Over the last few months, LinkedIn has been rolling out some new image tools and options, adding to your creative capacity, and providing another way to generate more on-platform engagement.
The main addition of note is photo-tagging, which is now being rolled out to users in both the mobile app and on desktop.
As you can see in this image, shared by user Yasser Masood, the relatively new option enables you to tag people, via their LinkedIn profile, within posted images. LinkedIn started rolling this out last month, but not all users have access to the function as yet.
If you are able to tag people in your images, the process is fairly straight-forward. When composing your LinkedIn update, after adding your photo, you can tap on the tag icon at the top of the screen, or simply tap on the image itself to bring up the profile search option.
As you can see, you can search by typing in a name, then add the relevant tag. Also worth noting, you don't have to be connected to the user to add them via photo tag (this may be why LinkedIn hasn't made any big announcements about the option). You're able to tag up to 30 people per post
Anyone who's tagged in an image, or the post creator, can remove the tags after posting. After you tag someone and finish your post, that user will receive a notification, and an email, letting them know that they were tagged (unless they have tag notifications switched off).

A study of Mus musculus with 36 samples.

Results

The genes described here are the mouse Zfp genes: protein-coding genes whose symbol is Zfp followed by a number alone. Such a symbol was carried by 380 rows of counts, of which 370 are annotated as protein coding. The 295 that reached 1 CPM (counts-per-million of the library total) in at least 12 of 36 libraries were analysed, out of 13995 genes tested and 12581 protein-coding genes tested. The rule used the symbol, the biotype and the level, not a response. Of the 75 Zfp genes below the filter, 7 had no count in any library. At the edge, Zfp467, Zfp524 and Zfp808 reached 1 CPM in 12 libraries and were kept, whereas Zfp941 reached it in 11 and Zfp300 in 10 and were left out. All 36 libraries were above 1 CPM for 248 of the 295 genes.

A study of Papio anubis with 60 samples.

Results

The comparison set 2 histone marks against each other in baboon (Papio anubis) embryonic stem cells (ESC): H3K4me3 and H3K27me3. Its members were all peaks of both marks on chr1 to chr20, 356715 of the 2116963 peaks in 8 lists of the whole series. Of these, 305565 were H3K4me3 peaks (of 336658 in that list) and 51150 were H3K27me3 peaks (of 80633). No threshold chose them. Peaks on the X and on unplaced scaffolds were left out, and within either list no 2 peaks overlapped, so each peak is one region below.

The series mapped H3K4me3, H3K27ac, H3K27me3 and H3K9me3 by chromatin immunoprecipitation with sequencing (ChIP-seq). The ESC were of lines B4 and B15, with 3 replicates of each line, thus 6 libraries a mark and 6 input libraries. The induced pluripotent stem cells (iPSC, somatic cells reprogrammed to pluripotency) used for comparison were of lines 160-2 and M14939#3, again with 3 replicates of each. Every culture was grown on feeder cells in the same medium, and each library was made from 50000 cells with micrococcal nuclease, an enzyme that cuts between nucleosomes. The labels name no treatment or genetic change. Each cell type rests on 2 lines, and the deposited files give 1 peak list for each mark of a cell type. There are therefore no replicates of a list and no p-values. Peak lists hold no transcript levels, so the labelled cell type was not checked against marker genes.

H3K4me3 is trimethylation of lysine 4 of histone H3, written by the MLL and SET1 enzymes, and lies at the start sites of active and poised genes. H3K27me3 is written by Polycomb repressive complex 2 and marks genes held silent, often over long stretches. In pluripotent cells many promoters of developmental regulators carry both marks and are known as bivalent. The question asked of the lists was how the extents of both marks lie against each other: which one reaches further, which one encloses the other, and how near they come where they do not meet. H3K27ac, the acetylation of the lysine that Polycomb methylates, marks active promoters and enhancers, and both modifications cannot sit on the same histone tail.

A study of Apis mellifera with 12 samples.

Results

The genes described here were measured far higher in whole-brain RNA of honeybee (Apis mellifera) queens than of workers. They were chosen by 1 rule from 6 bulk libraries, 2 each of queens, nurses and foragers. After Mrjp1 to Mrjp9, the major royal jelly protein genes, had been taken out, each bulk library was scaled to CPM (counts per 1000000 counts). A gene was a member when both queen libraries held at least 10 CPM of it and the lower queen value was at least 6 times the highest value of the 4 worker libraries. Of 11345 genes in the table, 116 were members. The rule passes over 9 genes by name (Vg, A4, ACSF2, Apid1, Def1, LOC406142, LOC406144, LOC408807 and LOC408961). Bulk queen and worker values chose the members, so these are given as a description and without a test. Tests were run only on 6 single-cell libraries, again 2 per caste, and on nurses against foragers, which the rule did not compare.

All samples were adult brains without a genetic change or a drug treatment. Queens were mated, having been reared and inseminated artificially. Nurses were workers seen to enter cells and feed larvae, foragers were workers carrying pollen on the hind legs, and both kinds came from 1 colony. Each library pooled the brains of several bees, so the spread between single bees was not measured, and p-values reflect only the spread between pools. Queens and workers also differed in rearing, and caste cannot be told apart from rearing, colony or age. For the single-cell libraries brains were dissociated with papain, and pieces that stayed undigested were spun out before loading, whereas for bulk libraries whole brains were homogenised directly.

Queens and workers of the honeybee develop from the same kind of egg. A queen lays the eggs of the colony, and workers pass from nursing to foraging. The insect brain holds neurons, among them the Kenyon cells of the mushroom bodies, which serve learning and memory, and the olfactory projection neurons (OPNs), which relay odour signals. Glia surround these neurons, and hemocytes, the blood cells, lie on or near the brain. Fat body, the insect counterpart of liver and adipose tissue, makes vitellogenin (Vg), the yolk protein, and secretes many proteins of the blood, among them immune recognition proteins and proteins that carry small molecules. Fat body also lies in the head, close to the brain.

That does seem ripe for the spamming, though used well, it could make it an interesting option for getting the attention of other users, and boosting connections and engagement. But the spam potential is high, especially once scammers and over-enthusiastic marketers twig to its availability.
Its the latest in LinkedIn's evolving visual tools - LinkedIn also recently added stickers for LinkedIn image posts, with an expanding range of work-themed, cartoonish options.
LinkedIn also recently added image alt-text, which is currently only available on desktop, providing an option to assist vision impaired users.
As with all social platforms, LinkedIn is becoming more visual-focused, while it's also taking cues from other, more popular networks to help boost on-platform activity. The most obvious of this is probably this week's announcement of its own variation of post Reactions, but it's also experimenting with Stories to go along with live-streaming, Snapchat-like image overlays and GIFs within its messaging streams.
Some of these options may seem out of place on LinkedIn - but then again, if people use them...
That's the true measure. Observers and critics can say what they like, but if such additions end up increasing on-platform engagement, they could prove to be big winners for LinkedIn.
And worth noting - according to parent company Microsoft, LinkedIn engagement is currently at record highs.
Such tools may not feel right for the professional social network, but the proof will be - and apparently is - in the usage stats.